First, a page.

These daily financial tips are designed to be short ideas covering different aspects of family and business finances. They are short pieces intended to provide information to enable individuals, families and businesses to make informed financial decisions. Not all tips will apply to every situation, but over the course of a year, most financial topics will be covered. Check in regularly and share with friends and associates.
Insurance should form the foundation of any financial plan. This week I’ll be covering different types of life and health insurance. Life insurance is one of the most common forms of insurance. Life insurance will payout a lump sum of cash tax free in the event of death. There are two primary types of life insurance – Term Life and Permanent Life Insurance. Both will payout tax free cash benefits in the event of death. The primary differences are how the premium costs are structured. Today I will focus on Term Life insurance.
Life Insurance proceeds are paid out to beneficiaries designated within the policy tax free in the event of death. Beneficiaries are typically spouses or children, however, you can designate anyone you wish. In most cases, beneficiaries are easily changed or added in the event of additional children or changing family and marital statuses.
Term Life insurance premium costs are generally less expensive in the short term than permanent life insurance. The premium costs are fixed for the term of the insurance policy, ie 10 years, 20 yrs, 30 yrs. In most cases, the renewal rates at expiry are guaranteed. Renewal rates will be more expensive as the insured will be older. Unlike mortgages, where changes are generally subject to penalties, insurance policies can be changed at any time without penalty costs. At expiry, policy owners are not obligated to assume the renewal rates. In most cases, people will re-apply and often adjust the amount of coverage to suit their current lifestyle and family situation. Assuming there has not been a material change in the insured health, re-apply is generally less expensive than the guaranteed renewal rates.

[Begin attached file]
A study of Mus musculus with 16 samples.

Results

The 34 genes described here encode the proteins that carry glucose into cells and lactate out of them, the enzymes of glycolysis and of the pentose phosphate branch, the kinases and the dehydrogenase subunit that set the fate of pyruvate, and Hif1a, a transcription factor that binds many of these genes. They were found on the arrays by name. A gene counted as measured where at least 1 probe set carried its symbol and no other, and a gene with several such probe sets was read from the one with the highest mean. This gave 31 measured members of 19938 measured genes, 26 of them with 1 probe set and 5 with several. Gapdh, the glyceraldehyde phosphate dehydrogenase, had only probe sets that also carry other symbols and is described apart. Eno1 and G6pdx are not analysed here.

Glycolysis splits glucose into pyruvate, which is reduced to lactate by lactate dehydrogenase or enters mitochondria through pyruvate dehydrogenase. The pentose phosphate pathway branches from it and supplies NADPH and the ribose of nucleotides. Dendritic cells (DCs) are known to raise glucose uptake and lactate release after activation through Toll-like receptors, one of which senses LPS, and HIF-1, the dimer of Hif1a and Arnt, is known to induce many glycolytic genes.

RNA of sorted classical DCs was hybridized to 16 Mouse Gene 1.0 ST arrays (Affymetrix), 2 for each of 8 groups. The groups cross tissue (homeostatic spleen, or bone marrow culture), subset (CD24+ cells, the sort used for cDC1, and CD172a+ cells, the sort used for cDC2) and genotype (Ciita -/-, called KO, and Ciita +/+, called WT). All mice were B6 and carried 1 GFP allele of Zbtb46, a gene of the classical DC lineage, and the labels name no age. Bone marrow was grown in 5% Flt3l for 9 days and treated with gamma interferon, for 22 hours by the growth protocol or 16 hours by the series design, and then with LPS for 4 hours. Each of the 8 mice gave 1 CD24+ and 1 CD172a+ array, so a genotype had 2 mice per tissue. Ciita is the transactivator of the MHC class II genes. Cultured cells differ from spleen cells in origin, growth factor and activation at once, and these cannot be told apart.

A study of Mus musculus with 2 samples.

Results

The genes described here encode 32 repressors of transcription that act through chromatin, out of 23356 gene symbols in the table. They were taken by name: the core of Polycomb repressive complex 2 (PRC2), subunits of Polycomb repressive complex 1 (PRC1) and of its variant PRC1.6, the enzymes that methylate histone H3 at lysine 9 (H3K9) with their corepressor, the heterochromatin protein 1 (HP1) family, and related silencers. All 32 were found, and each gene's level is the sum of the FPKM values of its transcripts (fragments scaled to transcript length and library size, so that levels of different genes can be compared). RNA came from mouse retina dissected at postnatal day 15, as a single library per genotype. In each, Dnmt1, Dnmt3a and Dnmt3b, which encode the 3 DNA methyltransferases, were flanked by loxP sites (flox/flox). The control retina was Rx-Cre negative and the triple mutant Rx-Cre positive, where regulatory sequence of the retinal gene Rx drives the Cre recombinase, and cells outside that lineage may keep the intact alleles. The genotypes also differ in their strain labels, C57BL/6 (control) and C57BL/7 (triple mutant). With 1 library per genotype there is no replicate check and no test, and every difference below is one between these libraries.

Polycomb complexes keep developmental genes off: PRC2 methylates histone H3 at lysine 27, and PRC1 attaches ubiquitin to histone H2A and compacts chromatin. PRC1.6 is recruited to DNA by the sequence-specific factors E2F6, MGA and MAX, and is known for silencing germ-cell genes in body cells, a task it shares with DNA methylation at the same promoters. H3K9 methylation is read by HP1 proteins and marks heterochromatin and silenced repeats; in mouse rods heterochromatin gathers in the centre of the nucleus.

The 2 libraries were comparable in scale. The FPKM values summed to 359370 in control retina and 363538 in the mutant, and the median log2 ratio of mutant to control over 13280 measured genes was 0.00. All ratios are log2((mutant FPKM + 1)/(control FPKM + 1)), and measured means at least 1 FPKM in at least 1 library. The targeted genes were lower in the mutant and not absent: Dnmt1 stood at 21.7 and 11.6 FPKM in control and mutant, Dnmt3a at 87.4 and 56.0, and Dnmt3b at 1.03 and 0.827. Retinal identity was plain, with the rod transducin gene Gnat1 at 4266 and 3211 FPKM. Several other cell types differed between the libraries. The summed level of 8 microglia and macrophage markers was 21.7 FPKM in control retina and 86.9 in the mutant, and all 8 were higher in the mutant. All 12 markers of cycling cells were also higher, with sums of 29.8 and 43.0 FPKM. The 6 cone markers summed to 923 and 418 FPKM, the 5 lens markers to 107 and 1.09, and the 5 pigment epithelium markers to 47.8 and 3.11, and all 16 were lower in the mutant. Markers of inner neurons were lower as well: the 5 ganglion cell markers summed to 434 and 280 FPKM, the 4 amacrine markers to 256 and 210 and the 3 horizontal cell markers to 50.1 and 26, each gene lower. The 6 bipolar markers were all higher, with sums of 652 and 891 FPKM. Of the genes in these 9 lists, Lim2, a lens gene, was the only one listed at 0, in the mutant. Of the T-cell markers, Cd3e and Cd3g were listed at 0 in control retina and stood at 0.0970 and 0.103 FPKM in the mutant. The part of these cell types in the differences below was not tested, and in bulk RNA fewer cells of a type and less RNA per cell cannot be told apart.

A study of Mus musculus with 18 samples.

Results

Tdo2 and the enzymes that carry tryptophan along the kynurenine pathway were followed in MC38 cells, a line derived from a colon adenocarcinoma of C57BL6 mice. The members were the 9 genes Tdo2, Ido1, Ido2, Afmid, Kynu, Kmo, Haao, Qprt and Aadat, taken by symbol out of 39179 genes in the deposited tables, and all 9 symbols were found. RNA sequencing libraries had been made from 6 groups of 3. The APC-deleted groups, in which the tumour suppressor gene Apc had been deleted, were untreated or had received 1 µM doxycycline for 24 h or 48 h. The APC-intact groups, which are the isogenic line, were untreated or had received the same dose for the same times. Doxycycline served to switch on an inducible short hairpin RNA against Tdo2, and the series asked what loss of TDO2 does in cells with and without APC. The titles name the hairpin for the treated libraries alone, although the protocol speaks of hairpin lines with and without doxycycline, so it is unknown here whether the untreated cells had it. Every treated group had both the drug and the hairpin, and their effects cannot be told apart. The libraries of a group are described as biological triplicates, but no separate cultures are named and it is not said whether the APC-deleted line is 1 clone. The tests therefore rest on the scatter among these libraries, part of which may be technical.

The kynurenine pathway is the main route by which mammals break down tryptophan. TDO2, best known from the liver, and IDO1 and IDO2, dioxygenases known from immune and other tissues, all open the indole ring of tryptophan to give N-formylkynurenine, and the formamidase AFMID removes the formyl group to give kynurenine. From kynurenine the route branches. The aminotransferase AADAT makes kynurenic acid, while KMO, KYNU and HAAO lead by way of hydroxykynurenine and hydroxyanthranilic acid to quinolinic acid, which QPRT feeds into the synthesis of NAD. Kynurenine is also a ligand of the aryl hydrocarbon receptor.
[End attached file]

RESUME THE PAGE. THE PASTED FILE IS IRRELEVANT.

Most Term Life Insurance policies will expire around age 80 (could be ealier or later so best to check your policy). Term life insurance is generally protection against pre-mature death or for shorter term needs such as debt obligations (loans and mortgages), or protecting against income loss for families with young children. While we all assume we’ll live to normal life expectancy (83), the reality is 25% of Canadians will pass away before the age of 65 (through sickness or accident)
Unlike permanent Life insurance, term life insurance does not accumulate cash values. There will be an underwriting or approval process to qualify. These may or may not require medical tests (covered by the insurer). Depending on the insureds health, one may qualify for preferred (cheaper) rates (if you have a better health standard/lifestyle) or for those with health issues, rates may be higher than healthy individuals.
Term Life insurance offers affordability and flexibility. Term Life has a lot of flexibility, and should be reviewed regularly as family and work situations change to ensure amounts of coverage, beneficiaries and type of coverage maintain pace with lifestyle. Check with a licensed insurance advisor for your options that best suit your needs.
Share these ideas with friends and family and come back to check out daily financial tips and ideas. If there are subjects you wish covered or questions, please email me and I’ll include them in future posts.